US-Iran Escalation Timeline: March 2020 Update
Contributors: Katherine Lawlor and Brandon Wallace
This analysis is co-published by the Institute for the Study of War (ISW) and the Critical Threats Project at the American Enterprise Institute.
[Notice: The Institute for the Study of War and the Critical Threats Project frequently cite sources from foreign domains. All such links are identified with an asterisk (*) for the reader's awareness.]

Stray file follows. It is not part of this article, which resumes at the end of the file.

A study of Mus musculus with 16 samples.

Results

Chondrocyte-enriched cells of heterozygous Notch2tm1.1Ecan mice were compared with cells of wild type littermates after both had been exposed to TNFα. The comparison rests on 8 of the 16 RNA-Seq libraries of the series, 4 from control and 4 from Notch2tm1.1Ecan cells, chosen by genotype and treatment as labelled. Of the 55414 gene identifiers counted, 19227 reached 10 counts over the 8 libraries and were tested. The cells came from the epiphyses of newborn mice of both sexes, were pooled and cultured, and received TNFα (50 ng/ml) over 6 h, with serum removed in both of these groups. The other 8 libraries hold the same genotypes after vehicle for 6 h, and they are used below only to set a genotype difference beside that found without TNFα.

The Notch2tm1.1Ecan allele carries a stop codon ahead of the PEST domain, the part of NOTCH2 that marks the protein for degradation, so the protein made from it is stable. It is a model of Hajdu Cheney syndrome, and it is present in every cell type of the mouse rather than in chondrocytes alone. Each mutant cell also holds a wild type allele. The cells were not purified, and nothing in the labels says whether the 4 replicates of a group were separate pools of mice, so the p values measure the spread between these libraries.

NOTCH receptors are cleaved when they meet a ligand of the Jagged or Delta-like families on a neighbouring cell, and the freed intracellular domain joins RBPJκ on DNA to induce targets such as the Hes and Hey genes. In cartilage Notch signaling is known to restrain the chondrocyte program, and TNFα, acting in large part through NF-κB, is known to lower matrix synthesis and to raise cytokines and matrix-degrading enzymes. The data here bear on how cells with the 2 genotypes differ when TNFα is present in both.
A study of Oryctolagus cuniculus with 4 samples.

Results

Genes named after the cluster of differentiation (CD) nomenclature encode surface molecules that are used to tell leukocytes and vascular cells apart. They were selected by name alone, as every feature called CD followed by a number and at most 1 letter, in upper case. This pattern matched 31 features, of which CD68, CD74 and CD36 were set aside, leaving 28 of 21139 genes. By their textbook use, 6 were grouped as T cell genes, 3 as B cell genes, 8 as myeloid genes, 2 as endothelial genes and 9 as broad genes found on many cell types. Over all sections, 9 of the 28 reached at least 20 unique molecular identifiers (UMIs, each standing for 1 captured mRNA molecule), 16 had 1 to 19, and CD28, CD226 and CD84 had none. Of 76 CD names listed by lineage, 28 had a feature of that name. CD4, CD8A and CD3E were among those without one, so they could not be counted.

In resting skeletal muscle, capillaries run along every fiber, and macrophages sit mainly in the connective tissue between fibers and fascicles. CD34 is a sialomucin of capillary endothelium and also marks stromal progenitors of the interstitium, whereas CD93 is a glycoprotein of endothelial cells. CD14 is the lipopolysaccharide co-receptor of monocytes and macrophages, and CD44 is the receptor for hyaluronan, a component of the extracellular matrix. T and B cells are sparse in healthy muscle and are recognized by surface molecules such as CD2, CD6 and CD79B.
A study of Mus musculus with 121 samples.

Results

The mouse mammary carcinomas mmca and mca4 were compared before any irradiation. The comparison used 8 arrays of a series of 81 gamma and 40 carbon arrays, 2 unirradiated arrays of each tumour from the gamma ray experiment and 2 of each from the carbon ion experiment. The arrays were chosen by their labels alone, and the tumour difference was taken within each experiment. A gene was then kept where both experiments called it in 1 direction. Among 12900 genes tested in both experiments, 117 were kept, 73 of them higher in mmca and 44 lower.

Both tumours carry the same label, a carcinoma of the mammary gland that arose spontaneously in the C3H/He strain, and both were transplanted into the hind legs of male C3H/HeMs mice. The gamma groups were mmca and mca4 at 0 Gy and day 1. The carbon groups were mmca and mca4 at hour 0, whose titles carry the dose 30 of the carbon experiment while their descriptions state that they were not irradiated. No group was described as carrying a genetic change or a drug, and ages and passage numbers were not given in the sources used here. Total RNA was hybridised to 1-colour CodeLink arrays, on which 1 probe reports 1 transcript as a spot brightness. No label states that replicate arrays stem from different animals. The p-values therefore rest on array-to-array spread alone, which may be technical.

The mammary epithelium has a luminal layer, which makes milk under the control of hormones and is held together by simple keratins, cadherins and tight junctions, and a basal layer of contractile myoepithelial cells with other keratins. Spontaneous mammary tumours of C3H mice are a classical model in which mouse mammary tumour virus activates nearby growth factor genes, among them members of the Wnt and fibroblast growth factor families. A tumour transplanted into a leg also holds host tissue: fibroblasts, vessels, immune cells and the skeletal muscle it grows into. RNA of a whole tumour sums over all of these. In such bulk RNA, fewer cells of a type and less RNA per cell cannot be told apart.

Iranian proxies in Iraq have sustained attacks since the killing of Quds Force Commander Qassem Soleimani in an attempt to provoke a US response that will lead to the expulsion of American forces from the country. Iranian proxies began a campaign of rocket attacks on US positions in Iraq in October 2019. These attacks are intended to goad the US into responses that will bring political pressure on Iraqi leaders to expel American forces. Iraqi proxies have conducted at least 14 attacks since early January, indicating that Soleimani’s killing did not cause a de-escalation. An Iranian proxy instead escalated on March 11 with the largest rocket attack since Soleimani’s death, causing two US casualties. The scale of this attack—like the December 27th attack that caused the first US casualty—indicated heightened effort to cause American casualties. Its timing indicates an attempt to incite a US response that will make the US presence politically untenable for Iraqi politicians days before the deadline to elect a new prime minister in Iraq. The US response on March 12 accidentally killed non-proxy Iraqi citizens, prompting Iraqi leaders—including Iraqi President Barham Salih—to *accuse the US of violating Iraqi sovereignty. The Iranian regime may also welcome heightened tensions with the US as an enemy other than its own ineptitude amid its failure to manage the COVID-19 pandemic.